After the apology


Kang Chan-ho
The author is an editorial writer of the JoongAng Ilbo.

Political critic Chin Joong-kwon compared it to a show trial in a communist society. A disciplinary committee orchestrated by the Justice Ministry with four panelists bypassed cross-questioning or testimony from the accused and delivered a two-month suspension of Prosecutor General Yoon Seok-youl, finding him guilty of wrongdoings. Such oppression can only exist under a dictatorship.

Still, the approval rating of the liberal Moon Jae-in administration is decent. Although the approval rating of the ruling Democratic Party (DP) fell below 30 percent, it can match that of the main opposition People Power Party (PPP). Core DP supporters in their 30s and 40s still abhor the PPP. Even in Busan, where the conservatives have prevailed over the liberals, that age group prefers Moon Jae-in. They may loathe the DP and the government’s real estate policy flops and the purge of Yoon, but cannot forgive the conservative party for the suicide of their beloved former president Roh Moo-hyun.

Forty-something doctors and lawyers living in the affluent Gangnam District located in southern Seoul have been bombarded with new taxes by the Moon administration. But they would prefer to abstain or vote for the far-left Justice Party instead of the PPP as they hate the conservative party more than the DP. Unless the PPP goes under a complete makeover, it is bound to lose the critical by-election for Seoul mayor in April.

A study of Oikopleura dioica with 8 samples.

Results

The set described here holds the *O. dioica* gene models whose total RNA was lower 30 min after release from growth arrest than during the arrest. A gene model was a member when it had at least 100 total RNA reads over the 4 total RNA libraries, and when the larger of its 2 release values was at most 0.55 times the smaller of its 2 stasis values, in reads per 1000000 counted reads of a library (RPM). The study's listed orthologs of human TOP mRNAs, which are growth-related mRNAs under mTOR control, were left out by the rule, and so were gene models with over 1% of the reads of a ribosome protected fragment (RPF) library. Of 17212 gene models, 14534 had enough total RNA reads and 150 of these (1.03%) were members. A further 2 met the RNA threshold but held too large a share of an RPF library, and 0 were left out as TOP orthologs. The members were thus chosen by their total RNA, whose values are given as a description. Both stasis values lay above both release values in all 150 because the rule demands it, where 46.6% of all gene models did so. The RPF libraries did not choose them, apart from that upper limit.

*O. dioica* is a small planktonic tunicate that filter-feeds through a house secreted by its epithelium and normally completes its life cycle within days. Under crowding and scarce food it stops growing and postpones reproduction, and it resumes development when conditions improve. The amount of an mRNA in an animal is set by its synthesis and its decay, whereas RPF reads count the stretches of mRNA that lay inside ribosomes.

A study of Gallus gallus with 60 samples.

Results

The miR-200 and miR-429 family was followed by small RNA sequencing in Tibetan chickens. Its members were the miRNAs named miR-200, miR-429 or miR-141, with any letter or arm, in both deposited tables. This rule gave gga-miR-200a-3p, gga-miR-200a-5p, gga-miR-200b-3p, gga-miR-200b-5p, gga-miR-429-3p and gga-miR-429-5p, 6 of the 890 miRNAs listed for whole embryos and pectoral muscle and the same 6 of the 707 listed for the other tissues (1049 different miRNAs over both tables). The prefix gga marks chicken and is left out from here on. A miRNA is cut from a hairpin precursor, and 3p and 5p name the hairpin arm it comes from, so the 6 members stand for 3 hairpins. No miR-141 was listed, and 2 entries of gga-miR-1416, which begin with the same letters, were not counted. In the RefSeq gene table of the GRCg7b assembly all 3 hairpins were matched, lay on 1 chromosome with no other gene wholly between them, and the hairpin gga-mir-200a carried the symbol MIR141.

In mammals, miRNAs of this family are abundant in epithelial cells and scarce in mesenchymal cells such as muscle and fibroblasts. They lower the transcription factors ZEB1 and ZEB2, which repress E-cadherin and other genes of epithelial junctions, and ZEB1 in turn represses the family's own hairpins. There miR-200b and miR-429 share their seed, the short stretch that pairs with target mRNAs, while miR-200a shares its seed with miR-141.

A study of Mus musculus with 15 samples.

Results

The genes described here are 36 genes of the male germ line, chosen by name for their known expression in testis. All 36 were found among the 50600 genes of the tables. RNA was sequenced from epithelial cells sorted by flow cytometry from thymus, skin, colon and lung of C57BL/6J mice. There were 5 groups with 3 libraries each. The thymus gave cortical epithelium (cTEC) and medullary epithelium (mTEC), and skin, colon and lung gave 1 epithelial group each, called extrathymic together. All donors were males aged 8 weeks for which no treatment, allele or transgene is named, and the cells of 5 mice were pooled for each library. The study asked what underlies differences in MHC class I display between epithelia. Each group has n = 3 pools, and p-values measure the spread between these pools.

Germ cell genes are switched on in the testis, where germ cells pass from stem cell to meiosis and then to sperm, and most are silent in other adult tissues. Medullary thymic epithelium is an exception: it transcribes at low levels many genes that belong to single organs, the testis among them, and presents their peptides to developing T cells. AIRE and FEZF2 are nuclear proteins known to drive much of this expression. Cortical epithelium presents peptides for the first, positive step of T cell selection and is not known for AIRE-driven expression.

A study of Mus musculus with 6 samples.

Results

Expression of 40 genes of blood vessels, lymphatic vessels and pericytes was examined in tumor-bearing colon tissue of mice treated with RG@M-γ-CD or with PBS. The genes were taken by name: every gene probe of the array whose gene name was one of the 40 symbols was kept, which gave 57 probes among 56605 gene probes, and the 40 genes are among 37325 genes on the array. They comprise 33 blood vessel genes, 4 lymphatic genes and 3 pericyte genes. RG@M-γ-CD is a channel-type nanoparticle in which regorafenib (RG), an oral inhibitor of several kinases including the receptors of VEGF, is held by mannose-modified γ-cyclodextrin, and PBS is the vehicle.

There were heydays for the conservative party. Centrists voted for conservative candidate Lee Myung-bak 12 years ago. After reform-minded lawmakers from the capital region were pushed out by the old school forces led by Lee Sang-deuk, brother of Lee Myung-bak, the conservative party lost its appeal among centrists and especially young voters. The trend accelerated under the Park Geun-hye administration. Even traditional conservatives turned their backs when Park was impeached. But the conservative party did not genuinely apologize and was defeated in subsequent elections.

A public apology by Kim Chong-in, interim leader of the embattle PPP, for wrongdoings of the past is meaningful. It came on the day when President Moon lauded the legislative passing of the revised act on the establishment of the new anticorruption agency. The apology was written by Kim himself. Kim had worked on the speech for two months.

Other heads of the conservative party had apologized before. But few remember what they said since they did not come across as being genuine. This time, the message was clear. Kim admitted to wrongdoings and committing “an irreversible sin” to the people.

Rep. Sung Il-jong of the PPP explained Kim’s move. “Many in the party had opposed the plan of apologizing, claiming the DP had committed more wrongdoings. However, upon losing power to the conservatives, the DP repeatedly apologized and reinvented the party seven times. We have not made such efforts. We must sincerely atone and break with the past,” he said.

The younger voters hate the PPP for its links to Lee and Park and for its image as representing the haves. Kim’s apology was aimed at divorcing the party from past presidents who are behind bars for corruption. DP politicians vehemently criticized Kim as they fear the ramifications of the apology. The DP can hardly prevail over the PPP by simply framing it as the party of Park anymore.

A rookie lawmaker said he had received a text message from a man in his 20s who said he changed his mind upon hearing Kim’s apology. He had considered the DP an impotent yet diligent party and the PPP a shameful party. He now hates the DP more than the PPP. “We must work harder to remove the old DNA and concentrate on reforms,” the lawmaker said.

Actions must follow the apology. The PPP must recruit younger and reform-minded people. Even if they lack familiarity, fresh faces will help lessen public hostility towards the old party. People will be closely watch to see if the PPP can finally change after the apology.